Johnson & Johnson's Spravato is within touching distance of an approval in the EU after the closely watched antidepressant derived from ketamine got a positive opinion from European Medicines Agency advisors.
The agency's Committee for Medicinal Products for Human Use (CHMP) has recommended approval for Spravato (esketamine) nasal spray in combination with standard of care drugs – a selective serotonin reuptake inhibitor or serotonin and norepinephrine reuptake inhibitor – for treatment-resistant major depressive disorder (MDD). That refers to patients who have had a lack of response to at least two different antidepressants.
If approved by the European Commission, Spravato, a selective NMDA receptor modulator, will offer the ﬁrst new mechanism of action in 30 years to treat MDD. The drug won US approval in March.
The market is potentially huge, given that MDD affects about 40 million people across Europe. Allitia DiBernardo, European therapeutic area lead for mood disorders at J&J's Janssen-Cilag division, said "of these people, about one third do not respond to currently available treatments."
One of the attractions of Spravato is the rapid response of patients to treatment. Existing antidepressants can take several weeks to provide relief, whereas the response to Spravato has been observed within 24 hours of treatment, which should help J&J in its discussions with the various European health technology assessment bodies.
The positive opinion in Europe is based on ﬁve Phase III trials and J&J noted that in one of them, a one-month study, approximately 70 % of all esketamine-treated patients responded to treatment with a greater than 50% symptom reduction. Furthermore, "approximately half of all treated patients achieved remission, with few, if any, symptoms of depression, which is the ultimate treatment goal," J&J stated.
J&J is not disclosing any launch plans yet, although in the UK Spravato, which as a nasal spray is given in far lower doses than the illicit party drug, is initially likely to be made available through private clinics. The National Institute for Health and Care Excellence is scheduled to make a decision on whether to approve the drug for use on the National Health Service in March next year.
One issue that could impact on access are side effects, the most common being dizziness, nausea, dissociation, headache, somnolence and vertigo, the EMA noted. In the US, the approval came with a Risk Evaluation and Mitigation Strategy (REMS) program, which requires patients to be monitored at a certified clinic for two hours after each weekly dosing and this could be a barrier to Spravato being made widely available in Europe.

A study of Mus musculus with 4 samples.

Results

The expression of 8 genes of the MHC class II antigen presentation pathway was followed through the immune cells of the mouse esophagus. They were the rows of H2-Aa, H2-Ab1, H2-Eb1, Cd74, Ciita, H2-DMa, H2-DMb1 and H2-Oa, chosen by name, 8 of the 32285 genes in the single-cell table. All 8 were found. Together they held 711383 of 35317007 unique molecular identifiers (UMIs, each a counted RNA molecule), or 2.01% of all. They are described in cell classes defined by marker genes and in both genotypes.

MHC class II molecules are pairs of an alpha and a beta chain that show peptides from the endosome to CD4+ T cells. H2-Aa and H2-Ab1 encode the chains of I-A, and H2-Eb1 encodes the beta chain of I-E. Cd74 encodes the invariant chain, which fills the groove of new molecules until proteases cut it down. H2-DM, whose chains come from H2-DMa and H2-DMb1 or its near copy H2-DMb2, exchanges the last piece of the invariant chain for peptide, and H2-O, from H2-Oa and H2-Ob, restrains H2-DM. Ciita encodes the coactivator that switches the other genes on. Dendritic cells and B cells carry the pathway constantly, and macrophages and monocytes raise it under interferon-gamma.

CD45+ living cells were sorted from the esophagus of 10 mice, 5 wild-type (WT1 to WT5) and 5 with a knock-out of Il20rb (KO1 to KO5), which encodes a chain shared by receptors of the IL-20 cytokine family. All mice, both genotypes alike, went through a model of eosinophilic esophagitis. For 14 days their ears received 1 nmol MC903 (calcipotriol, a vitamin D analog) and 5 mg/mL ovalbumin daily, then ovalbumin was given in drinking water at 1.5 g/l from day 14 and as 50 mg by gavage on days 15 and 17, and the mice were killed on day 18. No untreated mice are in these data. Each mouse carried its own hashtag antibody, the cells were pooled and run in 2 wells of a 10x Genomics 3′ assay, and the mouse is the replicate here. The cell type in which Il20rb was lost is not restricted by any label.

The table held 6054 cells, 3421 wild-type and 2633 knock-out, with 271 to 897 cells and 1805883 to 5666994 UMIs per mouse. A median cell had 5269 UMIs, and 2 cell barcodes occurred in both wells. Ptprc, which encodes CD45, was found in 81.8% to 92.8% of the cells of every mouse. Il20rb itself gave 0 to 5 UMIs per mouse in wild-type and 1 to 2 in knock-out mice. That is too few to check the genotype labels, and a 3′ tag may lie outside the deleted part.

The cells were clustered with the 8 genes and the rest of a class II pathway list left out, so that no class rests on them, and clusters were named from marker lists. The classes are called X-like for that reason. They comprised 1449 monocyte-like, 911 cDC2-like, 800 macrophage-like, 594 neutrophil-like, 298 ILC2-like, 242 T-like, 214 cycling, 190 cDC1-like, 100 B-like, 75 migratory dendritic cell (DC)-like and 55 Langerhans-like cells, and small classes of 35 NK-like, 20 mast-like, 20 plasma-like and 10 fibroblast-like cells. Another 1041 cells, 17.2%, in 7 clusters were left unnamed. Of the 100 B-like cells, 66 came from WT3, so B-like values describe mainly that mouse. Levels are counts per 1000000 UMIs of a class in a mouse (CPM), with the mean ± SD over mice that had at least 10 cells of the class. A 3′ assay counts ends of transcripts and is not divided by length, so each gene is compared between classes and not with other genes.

Another issue is sure to be cost. In the US, Spravato’s list price is $6,785 for the first month and $3,450 thereafter and the Institute for Clinical and Economic Review released a report on 20 June, concluding the drug’s $32,400 annual list price would require a 25%-52% discount to reach a “fair” value-priced benchmark.
At the time, J&J disagreed with the ICER report, maintaining it “underestimates the proven short- and long-term benefits that this treatment, which was granted FDA breakthrough therapy designation, brings to TRD patients in need.” (Also see "ICER Faces New Foe As Patient, Disability Alliance Takes Aims At Reports On Mayzent, Spravato" - Pink Sheet, 22 Jun, 2019.)
J&J has said that the US launch has been going well but on its conference call for the third quarter on 15 October, the company disappointed some observers by not providing any sales figures. Management did say that more than 2,000 sites have been certified under the REMS program for Spravato and that 500 of those sites are actively treating patients with the drug.
Spravato is a key growth driver and earlier this month, J&J filed a supplemental new drug application with the US Food and Drug Administration for Spravato for the treatment of patients with major depressive disorder who have suicidal ideation with intent, a very severe patient population that has typically been left out of clinical trials.
The filing was based on the results of two Phase III clinical trials that focused on the challenging patient population and met the primary endpoint of reducing depressive symptoms. (Also see "J&J Looks To Expand Spravato Label To Suicidal Ideation" - Scrip, 10 Sep, 2019.)